There’s a certain advantage an action film has over films of other genres: If it’s bad, it becomes funny. Compare that to the purgatory of an awful comedy or a muddling drama, and it’s apparent why, when a film like “Wrath of the Titans” mostly misses the mark, it still ends up being a relatively enjoyable experience.
Wrath of the Titans
At Quality 16 and Rave
Sam Worthington (“Man on a Ledge”) stars as Perseus, the reluctant hero of humanity who is pushed into a quest to save his father Zeus (Liam Neeson, “The Grey”) from the clutches of Hades (Ralph Fiennes, “Coriolanus”), who is attempting to raise the big baddie Kronos from his imprisonment in Tartarus. Perseus is joined by a ragtag group, including half-god Agenor (Toby Kebbell, “War Horse”) and warrior queen Andromeda (Rosamund Pike, “The Big Year”).
The story may be of questionable Greek mythological origins, but it has potential. The first combat sequence, in which Perseus battles a Chimera, is pulse-pounding, and it’s admittedly fun to watch Worthington put monsters in headlocks and be thrown about like a ragdoll. Sadly, the action doesn’t maintain, and “Wrath” decides to focus more on the anticipation before the fighting. It doesn’t work — it’s more fun to see Worthington go WWE on creatures from hell than to see his “range” of scared expressions.
Stone-faced Worthington is an enigma. In scenes with his son, Helius (newcomer John Bell), he reminds you why his most famous role relied on CGI emoting. But in the moments of physical expression, he excels. Perseus, after being thrown from the shoulders of a Chimera, rolls on the ground like a dad with back pain, his face showing that it really hurts. Also, he stays down almost a little too long (five seconds or so), making viewers appreciate that being a hero isn’t easy work. It’s a little funny and over-the-top, but it feels realistic.
Surprisingly, the supporting acting is also admirable (considering this is certainly a film one could phone in). Choosing Rosamund Pike to play Andromeda was an interesting choice, because she isn’t obviously hot — which is a good thing. She is more queen than model, grunting instead of posing. Her face also possesses a natural intelligence, not the sort of dead-eyed Megan Fox-ness that seems standard in certain action films.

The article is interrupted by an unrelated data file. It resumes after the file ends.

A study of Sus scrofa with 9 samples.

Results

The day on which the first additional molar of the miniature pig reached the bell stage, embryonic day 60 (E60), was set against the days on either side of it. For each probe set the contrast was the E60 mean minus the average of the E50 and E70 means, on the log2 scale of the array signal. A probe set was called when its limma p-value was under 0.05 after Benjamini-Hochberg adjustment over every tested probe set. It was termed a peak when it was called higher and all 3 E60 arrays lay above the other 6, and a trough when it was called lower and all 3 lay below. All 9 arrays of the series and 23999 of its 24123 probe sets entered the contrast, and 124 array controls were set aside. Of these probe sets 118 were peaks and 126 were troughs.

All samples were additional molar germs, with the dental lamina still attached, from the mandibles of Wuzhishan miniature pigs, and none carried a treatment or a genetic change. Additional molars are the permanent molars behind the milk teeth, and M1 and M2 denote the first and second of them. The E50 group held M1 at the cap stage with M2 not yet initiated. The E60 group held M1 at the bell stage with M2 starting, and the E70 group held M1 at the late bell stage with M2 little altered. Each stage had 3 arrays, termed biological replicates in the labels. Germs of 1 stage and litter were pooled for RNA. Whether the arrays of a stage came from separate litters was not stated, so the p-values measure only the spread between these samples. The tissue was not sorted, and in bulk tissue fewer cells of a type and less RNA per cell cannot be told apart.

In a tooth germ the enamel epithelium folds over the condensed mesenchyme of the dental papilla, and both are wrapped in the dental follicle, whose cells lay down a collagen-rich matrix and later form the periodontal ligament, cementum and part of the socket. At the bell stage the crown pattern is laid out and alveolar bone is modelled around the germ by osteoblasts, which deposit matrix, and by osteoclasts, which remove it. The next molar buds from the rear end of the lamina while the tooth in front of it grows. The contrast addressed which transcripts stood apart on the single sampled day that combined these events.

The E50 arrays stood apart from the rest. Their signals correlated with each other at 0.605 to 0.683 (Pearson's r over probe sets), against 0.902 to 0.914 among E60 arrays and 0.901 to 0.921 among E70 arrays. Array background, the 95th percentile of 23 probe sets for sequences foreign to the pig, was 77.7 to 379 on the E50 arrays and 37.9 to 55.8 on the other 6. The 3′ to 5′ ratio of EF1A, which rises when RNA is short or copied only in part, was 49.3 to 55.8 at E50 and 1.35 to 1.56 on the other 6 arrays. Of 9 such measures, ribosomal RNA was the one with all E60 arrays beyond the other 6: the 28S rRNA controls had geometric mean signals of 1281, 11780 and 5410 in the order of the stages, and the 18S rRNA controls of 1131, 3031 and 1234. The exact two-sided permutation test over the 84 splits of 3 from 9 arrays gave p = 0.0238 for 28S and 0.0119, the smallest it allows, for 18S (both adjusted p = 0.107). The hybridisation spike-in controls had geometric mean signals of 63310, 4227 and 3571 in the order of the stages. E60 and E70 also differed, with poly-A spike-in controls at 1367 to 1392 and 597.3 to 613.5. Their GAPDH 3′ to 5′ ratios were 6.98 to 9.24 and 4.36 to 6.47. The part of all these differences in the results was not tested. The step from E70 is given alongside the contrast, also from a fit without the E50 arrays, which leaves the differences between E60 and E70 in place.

Fiennes and Neeson are, predictably, the true forces of the film. Neeson (who is literally in every movie, but no one cares because he is so cool) is a fatherly Zeus, delivering wisdom and warnings in his graveled voice. Also, it’s exhilarating to watch him saunter across battlefields, force lightning-ing every villain in his peripheral vision. As Hades, Fiennes delivers his lines with such conviction — using eyes that turn from hatred to fear in a split-second — that you almost forget the script.
As for the script — the horror, the horror — no amount of acting chops can save this flimsy excuse for writing and dialogue. In the first scene with all the gods, they say “brother” more times than a frat house on Friday night (or Hulk Hogan every day of his life). Worthington, before he goes off to fight the final battle, declares he won’t be giving a big speech. It’s meant to convey that he is just a man of few words, but it seems more like the film’s writers are copping out of actually doing their job. Even when the film has quaint lines (Hephaestus describing how to seduce a mermaid, “The key is to talk to her friends.”), they are barely catchable, murmured in passing or crowded out by ambient noise.
“Wrath of the Titans” is the sequel to a remake that was only memorable because of special effects. While the actors perform valiantly, and the concept of half-gods battling for humanity is appealing, it’s simply never enough to cover the holes in the shoddy script. Even in the realm of gods, words are king.